Zagipa Balieva, Commissioner for Children’s Rights in the Republic of Kazakhstan, requested that the country’s attorney general and minister of health find out why the child victims of the toxic poisoning in Berezovka have not been properly examined or treated for nearly two years.
As became known today, children’s ombudsman Zagipa Balieva sent inquiries to Kazakhstan Prosecutor General Asanov Zhakyp and Health and Social Development Minister Tamara Duysenova with a request to look into the inaction of the authorities in providing medical examinations and treatment for the children of the village of Berezovka, located in the West Kazakhstan region, which was affected by emissions from the Karachaganak oil and gas field due to an accident in November, 2014.
Balieva’s letters came as a response to the appeal sent in July by Rosa Akylbekova, director of the Kazakhstan International Bureau for Human Rights and Rule of Law (partner of the Children or Oil? coalition) and the working group coordinator of the NGO “For the Protection of Children’s Rights.” In her appeal, Akylbekova, a well-known human rights activist, lamented the inaction of state bodies of the country in the examination and treatment of Berezovka children. The mining companies that are members of the Karachaganak Petroleum Operating BV consortium (KPO), including Eni (Italy), Chevron (USA), BG Group (now part of Shell Netherlands), Lukoil (Russia) and KazMunaiGaz (Kazakhstan), also have not make efforts to ensure that medical examinations and treatments would be available to the children, says Akylbekova.
The appeal says that “children continue to suffer from serious symptoms and signs of toxic poisoning…However, parents of poisoned children still have not received any compensation for health damages, neither from KPO nor from the state, which refuse to take responsibility for the tragedy that occurred on November 28, 2014.”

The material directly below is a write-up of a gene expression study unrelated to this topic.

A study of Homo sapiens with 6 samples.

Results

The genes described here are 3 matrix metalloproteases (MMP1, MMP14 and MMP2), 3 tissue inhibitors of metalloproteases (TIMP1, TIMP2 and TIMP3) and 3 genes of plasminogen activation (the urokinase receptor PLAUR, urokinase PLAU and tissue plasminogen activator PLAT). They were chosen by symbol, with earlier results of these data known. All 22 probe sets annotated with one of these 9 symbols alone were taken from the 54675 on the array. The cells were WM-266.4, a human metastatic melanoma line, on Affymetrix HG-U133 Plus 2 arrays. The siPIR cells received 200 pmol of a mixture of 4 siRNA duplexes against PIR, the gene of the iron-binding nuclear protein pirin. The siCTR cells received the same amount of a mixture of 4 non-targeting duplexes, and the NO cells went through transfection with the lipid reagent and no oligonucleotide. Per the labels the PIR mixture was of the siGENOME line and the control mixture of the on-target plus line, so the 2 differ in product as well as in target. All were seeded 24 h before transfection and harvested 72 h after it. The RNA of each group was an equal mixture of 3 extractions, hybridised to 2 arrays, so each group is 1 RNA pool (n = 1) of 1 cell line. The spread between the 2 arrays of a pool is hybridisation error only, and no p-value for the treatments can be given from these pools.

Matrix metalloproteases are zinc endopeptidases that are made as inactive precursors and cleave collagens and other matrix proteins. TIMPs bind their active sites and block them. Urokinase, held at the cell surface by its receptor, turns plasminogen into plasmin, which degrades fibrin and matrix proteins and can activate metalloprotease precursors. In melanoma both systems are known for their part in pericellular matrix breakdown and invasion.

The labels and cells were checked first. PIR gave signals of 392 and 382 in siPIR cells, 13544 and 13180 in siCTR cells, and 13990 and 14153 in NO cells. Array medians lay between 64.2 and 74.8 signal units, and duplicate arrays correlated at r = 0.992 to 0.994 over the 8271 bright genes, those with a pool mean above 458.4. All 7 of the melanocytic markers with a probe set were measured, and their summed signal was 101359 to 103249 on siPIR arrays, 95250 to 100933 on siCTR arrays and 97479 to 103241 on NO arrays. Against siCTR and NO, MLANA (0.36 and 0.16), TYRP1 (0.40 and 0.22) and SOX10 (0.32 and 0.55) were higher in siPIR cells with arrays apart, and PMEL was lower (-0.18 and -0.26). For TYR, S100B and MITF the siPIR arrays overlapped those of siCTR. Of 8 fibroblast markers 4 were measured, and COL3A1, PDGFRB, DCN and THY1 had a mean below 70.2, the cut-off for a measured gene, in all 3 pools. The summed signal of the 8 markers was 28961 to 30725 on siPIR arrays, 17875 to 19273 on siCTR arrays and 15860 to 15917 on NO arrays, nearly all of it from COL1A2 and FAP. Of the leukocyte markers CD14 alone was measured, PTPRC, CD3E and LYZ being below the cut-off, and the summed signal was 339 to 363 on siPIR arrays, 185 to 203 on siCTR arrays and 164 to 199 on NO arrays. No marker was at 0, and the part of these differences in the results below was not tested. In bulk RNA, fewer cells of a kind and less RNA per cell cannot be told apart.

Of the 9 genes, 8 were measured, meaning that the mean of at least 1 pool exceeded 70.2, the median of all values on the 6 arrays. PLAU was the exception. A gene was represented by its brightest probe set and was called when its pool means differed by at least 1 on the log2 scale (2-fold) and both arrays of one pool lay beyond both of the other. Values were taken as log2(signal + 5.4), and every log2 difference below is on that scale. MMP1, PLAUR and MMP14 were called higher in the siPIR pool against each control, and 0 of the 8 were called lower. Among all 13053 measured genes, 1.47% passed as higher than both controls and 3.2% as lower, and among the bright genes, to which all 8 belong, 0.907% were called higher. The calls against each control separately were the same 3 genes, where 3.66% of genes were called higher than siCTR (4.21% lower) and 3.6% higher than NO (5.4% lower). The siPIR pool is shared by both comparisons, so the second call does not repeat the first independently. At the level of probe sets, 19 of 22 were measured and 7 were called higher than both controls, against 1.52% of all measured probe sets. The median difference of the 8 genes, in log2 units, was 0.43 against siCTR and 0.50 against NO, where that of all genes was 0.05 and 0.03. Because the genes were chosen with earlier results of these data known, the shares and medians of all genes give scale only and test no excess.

According to Akylbekova, “the criminal proceedings investigating the poisoning of Berezovka residents were suspended, and Kazakhstan authorities have been waiting since last fall for the competent Russian authorities to offer help in conducting examinations. In the public hospitals of Kazakhstan, children were misdiagnosed with non-toxic poisoning, so they have not received appropriate treatment, without which many of them may become disabled.”
At the same time, it became clear that the Investigation Department of Kazakhstan Ministry of Internal Affairs has not yet responded to the requests of human rights defenders to identify which Russian authorities were asked to help conduct examinations. The requests of human rights activists were sent in March and in May.
“We support the actions of the Commissioner for Children’s Rights, and our coalition partners, and we will closely monitor the situation, which is becoming more like an attempt to forget about the criminal case and poisoned children of Berezovka,” says Sergey Solyanik, Crude Accountability consultant, co-coordinator of the Children or Oil? coalition.